4.18.15 - 32 obstacles, 12.5 miles, 4,800 ft elevation
"What goes up, must come down.
What comes down, must go up."
My alarm went off at 3am and we arrived at Mt. Creek about an hour before our start time. The weather was warm and the sun was out, but snow was on the mountain and my stomach was tying up in knots. As 9am loomed, I grabbed a boost from my friend over the entry wall. Not having use of my broken left hand was sure to get interesting.
And then we were off, on a straight upward climb for the first mile. There were a few small walls/hurdles and rolling snow hills in the beginning. Receiving boosts and hooking my arm over walls made climbing them possible. But I also now have massive bruises all over my arm. The elevation was obviously a huge factor in this race, even at the beginning. By mile two I had already shaken off the fact that my cardio training was crap (due to OTS) and I was just going to have to push through. My legs felt amazing, but my breathing was slowing me down up the hills. Then came the vertical cargo net. Hooked my left arm at the elbow and scaled it slowly but surely.
By this time I realized my hand would have to spend the race looped into my camelbak. Letting it hang and swing was causing way too much throbbing and pain. This later became an issue as the terrain got super technical and I was unable to use my left hand to prevent or break a fall. We arrived at the log hop. Great, I thought…well if I fall, I gotta fall right. I got over half way through before coming off. Managed a few one-arm/modified ugly looking burpees before my teammates asked me to stop.
By this point my team was feeling the force of the mountain. We had already climbed to the summit 2-3 times. The one member’s knees were shooting with pain on the downhill. I was slow on the uphill. The terrain was very technical which led to backups on the trails and careful steps as I prayed I didn’t fall onto my hand. Our mile times started getting slower and slower. The sandbag carry was long but not too challenging. We then arrived at the Memory Test station, we’d gotten our codes about 2 hours and a few miles previously. I rattled off India 357-7992 with no issues. At least some of my winter training had paid off. Up to the inverted wall and I decided to pass. It was fairly high and I was growing tired, figured it wasn't worth the risk of falling due to my hand. The tyrolean traverse was also skipped for obvious reasons. Up and down the A frame cargo net with no issues. Did the log flip one handed, easily. Honestly, all the female carry's were way too light.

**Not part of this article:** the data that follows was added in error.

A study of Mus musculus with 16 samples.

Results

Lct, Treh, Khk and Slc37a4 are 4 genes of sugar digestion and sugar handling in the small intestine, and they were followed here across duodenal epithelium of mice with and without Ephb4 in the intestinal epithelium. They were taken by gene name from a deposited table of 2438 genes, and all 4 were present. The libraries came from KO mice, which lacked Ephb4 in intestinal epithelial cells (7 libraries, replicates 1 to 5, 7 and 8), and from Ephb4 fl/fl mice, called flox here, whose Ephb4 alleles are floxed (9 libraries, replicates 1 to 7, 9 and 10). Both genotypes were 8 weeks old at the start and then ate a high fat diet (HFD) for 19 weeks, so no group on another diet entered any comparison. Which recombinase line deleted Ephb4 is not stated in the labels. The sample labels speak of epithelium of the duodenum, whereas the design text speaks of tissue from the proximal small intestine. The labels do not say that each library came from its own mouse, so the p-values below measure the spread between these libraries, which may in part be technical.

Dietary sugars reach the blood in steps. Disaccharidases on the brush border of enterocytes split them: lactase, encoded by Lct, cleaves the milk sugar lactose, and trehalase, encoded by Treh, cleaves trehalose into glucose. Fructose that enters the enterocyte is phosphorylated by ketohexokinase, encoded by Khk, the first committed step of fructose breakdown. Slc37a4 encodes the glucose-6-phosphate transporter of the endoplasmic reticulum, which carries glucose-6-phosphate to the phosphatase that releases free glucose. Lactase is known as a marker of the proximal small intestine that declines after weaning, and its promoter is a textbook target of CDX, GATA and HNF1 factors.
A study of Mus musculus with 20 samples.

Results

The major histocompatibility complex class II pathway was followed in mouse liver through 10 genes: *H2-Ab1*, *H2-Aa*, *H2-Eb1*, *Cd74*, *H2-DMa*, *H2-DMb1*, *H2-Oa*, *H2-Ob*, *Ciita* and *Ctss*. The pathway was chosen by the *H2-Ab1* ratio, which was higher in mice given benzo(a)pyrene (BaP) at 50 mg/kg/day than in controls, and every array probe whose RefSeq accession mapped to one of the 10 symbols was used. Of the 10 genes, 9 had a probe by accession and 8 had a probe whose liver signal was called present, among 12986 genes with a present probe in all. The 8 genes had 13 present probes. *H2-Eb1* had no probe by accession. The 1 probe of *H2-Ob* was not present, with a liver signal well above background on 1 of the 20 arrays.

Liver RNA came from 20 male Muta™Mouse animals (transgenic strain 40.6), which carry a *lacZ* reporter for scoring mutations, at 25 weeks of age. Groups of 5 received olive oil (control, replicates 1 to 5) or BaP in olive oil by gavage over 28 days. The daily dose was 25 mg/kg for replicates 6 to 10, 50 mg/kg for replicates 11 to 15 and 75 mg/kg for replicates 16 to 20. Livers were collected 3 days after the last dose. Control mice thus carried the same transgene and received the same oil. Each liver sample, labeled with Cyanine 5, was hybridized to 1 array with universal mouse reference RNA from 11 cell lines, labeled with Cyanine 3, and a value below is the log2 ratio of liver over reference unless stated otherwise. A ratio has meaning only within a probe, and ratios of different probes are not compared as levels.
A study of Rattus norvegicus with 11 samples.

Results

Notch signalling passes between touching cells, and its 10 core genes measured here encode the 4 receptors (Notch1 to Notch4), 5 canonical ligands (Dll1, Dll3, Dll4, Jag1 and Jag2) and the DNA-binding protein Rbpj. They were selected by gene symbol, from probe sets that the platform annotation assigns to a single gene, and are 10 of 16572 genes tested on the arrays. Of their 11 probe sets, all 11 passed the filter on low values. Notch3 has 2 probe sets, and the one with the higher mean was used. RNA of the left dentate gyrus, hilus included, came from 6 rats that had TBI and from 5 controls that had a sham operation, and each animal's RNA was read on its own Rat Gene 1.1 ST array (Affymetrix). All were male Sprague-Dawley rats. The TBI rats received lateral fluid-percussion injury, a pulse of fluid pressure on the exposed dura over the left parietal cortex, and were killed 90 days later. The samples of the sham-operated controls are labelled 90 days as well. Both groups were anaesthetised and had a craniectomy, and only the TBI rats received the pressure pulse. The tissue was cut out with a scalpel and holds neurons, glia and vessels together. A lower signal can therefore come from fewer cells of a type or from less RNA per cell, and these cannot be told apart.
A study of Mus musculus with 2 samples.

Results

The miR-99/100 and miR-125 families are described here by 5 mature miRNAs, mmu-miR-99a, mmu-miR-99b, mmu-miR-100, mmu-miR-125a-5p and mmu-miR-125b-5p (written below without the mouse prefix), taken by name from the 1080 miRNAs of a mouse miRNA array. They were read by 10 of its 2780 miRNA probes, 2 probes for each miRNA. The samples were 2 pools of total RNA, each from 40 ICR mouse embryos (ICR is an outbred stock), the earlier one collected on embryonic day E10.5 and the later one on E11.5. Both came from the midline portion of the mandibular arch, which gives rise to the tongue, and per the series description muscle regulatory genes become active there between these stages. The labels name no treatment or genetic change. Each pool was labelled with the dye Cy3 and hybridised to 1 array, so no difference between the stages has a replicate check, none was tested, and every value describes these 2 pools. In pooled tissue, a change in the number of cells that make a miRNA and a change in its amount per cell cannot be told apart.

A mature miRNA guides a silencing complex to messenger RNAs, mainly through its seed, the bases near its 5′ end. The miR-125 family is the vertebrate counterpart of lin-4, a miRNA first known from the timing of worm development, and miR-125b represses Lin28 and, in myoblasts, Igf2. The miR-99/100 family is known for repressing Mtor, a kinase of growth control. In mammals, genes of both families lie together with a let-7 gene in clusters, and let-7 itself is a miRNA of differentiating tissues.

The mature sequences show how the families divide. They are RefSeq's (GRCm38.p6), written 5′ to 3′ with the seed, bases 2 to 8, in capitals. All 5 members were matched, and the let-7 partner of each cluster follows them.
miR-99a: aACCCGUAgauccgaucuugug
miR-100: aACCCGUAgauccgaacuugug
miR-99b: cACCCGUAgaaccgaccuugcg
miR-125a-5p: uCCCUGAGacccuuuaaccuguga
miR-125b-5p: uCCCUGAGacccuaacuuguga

There was snow and mud up a steep hill with barb wire overhead. For a solid 50 yards(?). Bear crawl was not an option for me. My knees and elbows were frozen, yet sharp rocks still dug into them. I am a slow crawler to begin with; with one arm it was agonizingly slow. I tried a few different positions but felt my calves, hip flexers, hammies and quads wanting to spasm.
Everything was tight, it was freezing, and I kind of wanted to cry. I eventually resorted to rolling up the cold muddy steep mountain. I refused to quit. I reached deep inside, blocked out the pain and rolled like a mad woman. Finishing that barbwire crawl was the highlight of my race. I rested a bit before tackling the final summit climb of the day. My legs were spent and shutting down. I was literally being drug up the hill by my teammate. We reached the top and headed down hill at a decent clip. I still had energy to spend and I was ready to get off this mountain. Skipped the rope swing, jumped the fire and crossed the finish line!
Alive? Check. Hand okay? Check. Success. It was a grueling 7.5 hours on that mountain. There were things I wasn’t happy about, but most of those I was expecting going into the race. The things I’m elated with are keeping a positive attitude and tackling as much as I could. I want to give a huge “AROO” to my teammates, not sure I would have gotten through this one on my own. Also to my fellow Spartans who gave me words of encouragement and lent a hand or shoulder throughout the day. It really meant a lot. I also have mad respect for the athletes I saw on course with disabilities way worse than a broken hand. They are true inspirations. Now I set my sights on the OH Beast in 7 weeks. Time to get my hand healed up and my cardio built back up. I’m looking forward to an exciting 2015 season!